Kenya- The Cheap Power Plans Going To Benefit Small Businesses

Posted on :Saturday , 2nd December 2017

 Kenya Power has plans to connect small and medium enterprises to cheap power. The new power tariff, which large manufacturers have started enjoying, will reduce the cost of power by half when producing during off-peak hours. 

 
The power retailer is expected to install smart meters on the premises of its SME customers, which will enable them to take advantage of the tariff whose implementation began yesterday. 
 
The tariff comes into effect following a directive by President Uhuru Kenyatta when he was sworn in on a few days ago. 
 
Lowering power costs are expected to attract investors as well as help firms already producing in Kenya churn out more competitive products. Power cost is among the main factors that have had a heavy hand in pushing up costs of locally made goods when in comparison with many imports. 
 
Large industries that are also heavy power users already have smart metres on their premises, which would make the implementation of the new tariff a lot easier. This is due to the automation and the fact that they are not labour-intensive. 
 
Joseph Njoroge, Ministry of Energy Principal Secretary said there are plans to have SMEs on similar metres to enable them to benefit from the new tariff. This is expected to help the country in its bid to have a 24-hour economy.
 
 “We want to move to the next category of industry, which is the SMEs. The only setback is that the metres on the premises of most SMEs are not smart. For you to be able to have off and on-peak tariffs, you need to have a smart metre which can sense and register the consumption and the time of that consumption,” said Eng Njoroge. He spoke yesterday during Kenya Power’s Annual General Meeting in Nairobi. “Kenya Power will put smart metres within SMEs over the next three or so months so that they too can benefit from producing at the reduced cost.”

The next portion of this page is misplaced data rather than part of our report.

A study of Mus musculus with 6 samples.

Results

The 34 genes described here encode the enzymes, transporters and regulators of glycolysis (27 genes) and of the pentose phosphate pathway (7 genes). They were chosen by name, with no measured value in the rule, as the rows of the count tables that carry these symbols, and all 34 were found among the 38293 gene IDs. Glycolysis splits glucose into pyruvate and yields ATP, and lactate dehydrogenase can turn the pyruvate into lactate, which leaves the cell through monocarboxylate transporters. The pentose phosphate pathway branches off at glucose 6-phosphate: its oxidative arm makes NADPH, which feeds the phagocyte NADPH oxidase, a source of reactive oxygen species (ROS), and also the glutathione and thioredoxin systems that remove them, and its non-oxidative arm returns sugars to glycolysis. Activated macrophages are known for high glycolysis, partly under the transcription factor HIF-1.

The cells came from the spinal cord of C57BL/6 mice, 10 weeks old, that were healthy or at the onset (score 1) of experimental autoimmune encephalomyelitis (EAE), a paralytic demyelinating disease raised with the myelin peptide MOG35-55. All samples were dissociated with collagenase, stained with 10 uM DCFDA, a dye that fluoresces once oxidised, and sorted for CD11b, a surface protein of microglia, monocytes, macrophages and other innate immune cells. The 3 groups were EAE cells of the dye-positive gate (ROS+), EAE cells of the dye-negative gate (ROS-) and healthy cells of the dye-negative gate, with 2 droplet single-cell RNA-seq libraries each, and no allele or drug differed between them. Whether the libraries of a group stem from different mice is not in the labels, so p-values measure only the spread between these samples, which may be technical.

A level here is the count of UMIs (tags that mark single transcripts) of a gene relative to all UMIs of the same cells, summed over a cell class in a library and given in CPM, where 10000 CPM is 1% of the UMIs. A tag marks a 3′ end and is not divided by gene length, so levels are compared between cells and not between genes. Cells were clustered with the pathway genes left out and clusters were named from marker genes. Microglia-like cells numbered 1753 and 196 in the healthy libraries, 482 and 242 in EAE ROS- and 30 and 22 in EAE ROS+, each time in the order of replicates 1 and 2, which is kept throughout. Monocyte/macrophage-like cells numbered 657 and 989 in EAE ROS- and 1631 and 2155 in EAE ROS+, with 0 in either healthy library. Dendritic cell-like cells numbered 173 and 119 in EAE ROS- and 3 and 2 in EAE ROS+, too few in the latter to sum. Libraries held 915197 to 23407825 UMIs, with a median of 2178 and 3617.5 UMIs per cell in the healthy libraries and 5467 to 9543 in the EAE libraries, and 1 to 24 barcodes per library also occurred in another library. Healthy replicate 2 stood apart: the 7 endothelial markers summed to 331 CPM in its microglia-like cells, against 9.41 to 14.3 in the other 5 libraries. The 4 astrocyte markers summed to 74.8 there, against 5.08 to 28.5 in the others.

The power retailer said it has installed about 15,000 smart metres as of June this year among large and mid-sized customers. This is, however, a small proportion of the tens of thousands of SMEs operating in the country and is relatively huge power consumers. 
 
Njoroge said the Government and power industry players had put in measures to ensure that the tariff works. 
 
“We already know how many units these consumers use and expect them to continue consuming the same volume but also project that they will engage in additional production during the off-peak hours but at half the rate,” he said. 
 
Kenya Power CEO Ken Tarus added that there would be a surge in demand for power, with many firms currently producing way below their installed capacity, with some of the hindrances being the cost of energy. “
 
It is expected that manufacturers that are not on 100 percent to increase production,” said Dr Tarus. “We may see other manufacturers put in additional lines to take advantage of the tariff.” 
 
Profit after tax for the year to June 2017 grew marginally to Sh7.26 billion from Sh7.19 billion over a similar period in 2016. The shareholders will get a dividend of 50 cents a share.